December 16, 2020 Article 3 min read

U.S. taxpayers with disregarded subsidiaries may see their effective tax rates skyrocket due to global legislation on hybrid mismatch arrangements. Here’s what you need to know.

Man wearing casual clothes standing at a desk using a desktop computer.Hybrid mismatches occur when the tax treatment of an entity or financial instrument differs between two taxing jurisdictions, in some cases presenting opportunities for aggressive tax planning where income may be exempt from tax in multiple jurisdictions.   

A common and not generally abusive example of a hybrid entity mismatch occurs when a U.S. taxpayer makes a “check-the-box” election on its foreign subsidiary, resulting in corporate treatment in the local country and disregarded status for U.S. tax purposes. This is an especially common global structure for U.S. partnerships and S corporations, where a hybrid structure allows for the use of foreign tax credits. 

Anti-hybrid initiatives

Dating back to 2015, the OECD set out recommended tax policy guidance aimed at neutralizing hybrid mismatch arrangements with Action 2 of its Base Erosion and Profit Shifting (BEPS) plan.

In its implementation of BEPS, the European Commission has issued Anti-Tax Avoidance Directives (ATAD-I and ATAD-II), outlining hybrid mismatch policy guidelines for EU member states. ATAD-I is limited to hybrid mismatches between EU member nations while ATAD-II expands EU guidance to hybrid mismatches between EU member states and “third countries” such as the United States. 

With ATAD-II, countries throughout the EU are implementing anti-hybrid legislation, joining the UK and other OECD nations that have already enacted anti-hybrid rules following BEPS Action 2. 

Disaster for U.S. check-the-box structures? 

While BEPS and ATAD-II address several clearly abusive hybrid mismatch scenarios, their potential application to commonplace global structures for U.S.-based multinationals may have unintended consequences. U.S. multinationals should be particularly concerned of the restrictions against “deduction-without-inclusion” and “double-deduction” outcomes. U.S. corporate owners of hybrid entities may face further complication under the U.S. dual consolidated loss rules.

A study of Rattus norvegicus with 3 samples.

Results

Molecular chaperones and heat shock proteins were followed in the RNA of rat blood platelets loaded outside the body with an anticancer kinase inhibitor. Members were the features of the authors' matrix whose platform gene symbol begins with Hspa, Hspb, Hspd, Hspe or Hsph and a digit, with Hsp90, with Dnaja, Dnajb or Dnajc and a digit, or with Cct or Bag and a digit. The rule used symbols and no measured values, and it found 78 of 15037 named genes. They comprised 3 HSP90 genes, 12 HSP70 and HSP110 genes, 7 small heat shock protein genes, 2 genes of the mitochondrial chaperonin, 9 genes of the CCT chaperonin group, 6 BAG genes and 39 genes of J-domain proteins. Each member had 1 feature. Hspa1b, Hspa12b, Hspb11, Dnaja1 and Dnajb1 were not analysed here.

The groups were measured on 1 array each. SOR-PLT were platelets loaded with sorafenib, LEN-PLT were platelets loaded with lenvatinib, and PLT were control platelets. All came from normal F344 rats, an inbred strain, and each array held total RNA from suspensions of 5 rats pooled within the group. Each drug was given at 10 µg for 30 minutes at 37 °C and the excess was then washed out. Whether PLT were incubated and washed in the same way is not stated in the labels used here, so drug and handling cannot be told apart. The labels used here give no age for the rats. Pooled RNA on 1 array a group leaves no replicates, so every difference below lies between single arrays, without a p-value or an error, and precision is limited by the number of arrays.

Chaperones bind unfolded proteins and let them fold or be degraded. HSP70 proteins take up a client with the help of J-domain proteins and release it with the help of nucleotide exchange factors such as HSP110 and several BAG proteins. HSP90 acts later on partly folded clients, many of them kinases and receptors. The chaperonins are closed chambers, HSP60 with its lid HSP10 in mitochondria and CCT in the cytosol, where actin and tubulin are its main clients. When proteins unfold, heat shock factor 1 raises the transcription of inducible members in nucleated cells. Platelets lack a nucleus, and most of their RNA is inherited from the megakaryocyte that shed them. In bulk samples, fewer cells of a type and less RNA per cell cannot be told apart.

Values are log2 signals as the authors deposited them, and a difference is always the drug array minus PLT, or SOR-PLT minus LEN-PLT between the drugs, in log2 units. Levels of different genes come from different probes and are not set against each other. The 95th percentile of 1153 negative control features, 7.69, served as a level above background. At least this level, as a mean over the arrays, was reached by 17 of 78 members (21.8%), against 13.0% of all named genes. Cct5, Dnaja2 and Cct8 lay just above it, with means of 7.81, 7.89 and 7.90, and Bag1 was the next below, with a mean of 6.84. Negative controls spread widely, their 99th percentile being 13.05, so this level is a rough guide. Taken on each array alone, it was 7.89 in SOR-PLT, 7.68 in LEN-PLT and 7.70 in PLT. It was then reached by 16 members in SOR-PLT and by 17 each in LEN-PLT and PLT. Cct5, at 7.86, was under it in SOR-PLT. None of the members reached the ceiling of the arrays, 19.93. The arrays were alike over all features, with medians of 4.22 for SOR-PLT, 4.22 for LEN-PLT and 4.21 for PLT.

Deduction-without-inclusion outcome

The ATAD-II deduction-without-inclusion restriction may result in the foreign country’s disallowance of deductions for payments from a disregarded foreign subsidiary to its U.S. parent, such as interest payments, royalties, or management charges. This disallowance may occur even if those payments are determined at arms-length and supported by appropriate transfer pricing documentation. 

Double-deduction outcome

In the common structure where a disregarded subsidiary is compensated by its U.S. parent through a cost-plus transfer pricing arrangement, the subsidiary’s third-party expenses may be disallowed for foreign corporate tax purposes under the double-deduction without dual inclusion income restriction. This could result in the subsidiary being subject to foreign corporate tax on its gross revenue.  Application of this rule, paired with the new TCJA rules for computing foreign tax credit limitation in the branch basket, presents a global effective tax rate nightmare.   

Dual consolidated loss 

U.S. corporate owners of disregarded subsidiaries are subject to the dual consolidated loss (DCL) regulations, a complex set of rules intended to prevent U.S. corporations from using the same net operating loss to offset net income in both the United States and in the foreign country. Generally, a U.S. corporation can utilize a loss in the United States by making a domestic-use election, which precludes foreign use of the same loss. However, the DCL rules contain a “mirror legislation” rule, which disallows the domestic-use election if the loss is subject to foreign loss restrictions substantially similar to the DCL rules. Alarmingly, anti-hybrid legislation may trigger the mirror legislation rule, resulting in deductions being disallowed for both foreign country and U.S. purposes. 

What’s next? 

As anti-hybrid legislation spreads throughout OECD member nations, taxpayers eagerly await clarifying guidance on the practical application of these rules to nonabusive check-the-box structures, where arms-length transfer pricing has already been implemented. Recently, the UK released a set of proposed rule changes which, if implemented, may provide relief for certain issues posed by the anti-hybrid rules. The UK proposals are a welcome acknowledgment of the problems anti-hybrid rules present for U.S. multinationals, which the OECD has largely failed to address. 

On the surface, anti-hybrid rules resulting in double taxation would appear to violate the intent of income tax treaties between the United States and its trading partners. Finally, it may not be clear whether these rules could be applied to true branches, where double-deduction and deduction-without-inclusion outcomes are possible without the existence of a hybrid entity. 

U.S.-based multinationals should work closely with their tax advisors to evaluate anti-hybrid legislation within their global structure, and in some cases analyze restructuring alternatives to avoid costly outcomes. 

If you have questions about how anti-hybrid legislation may apply to your company, please contact your Plante Moran advisor.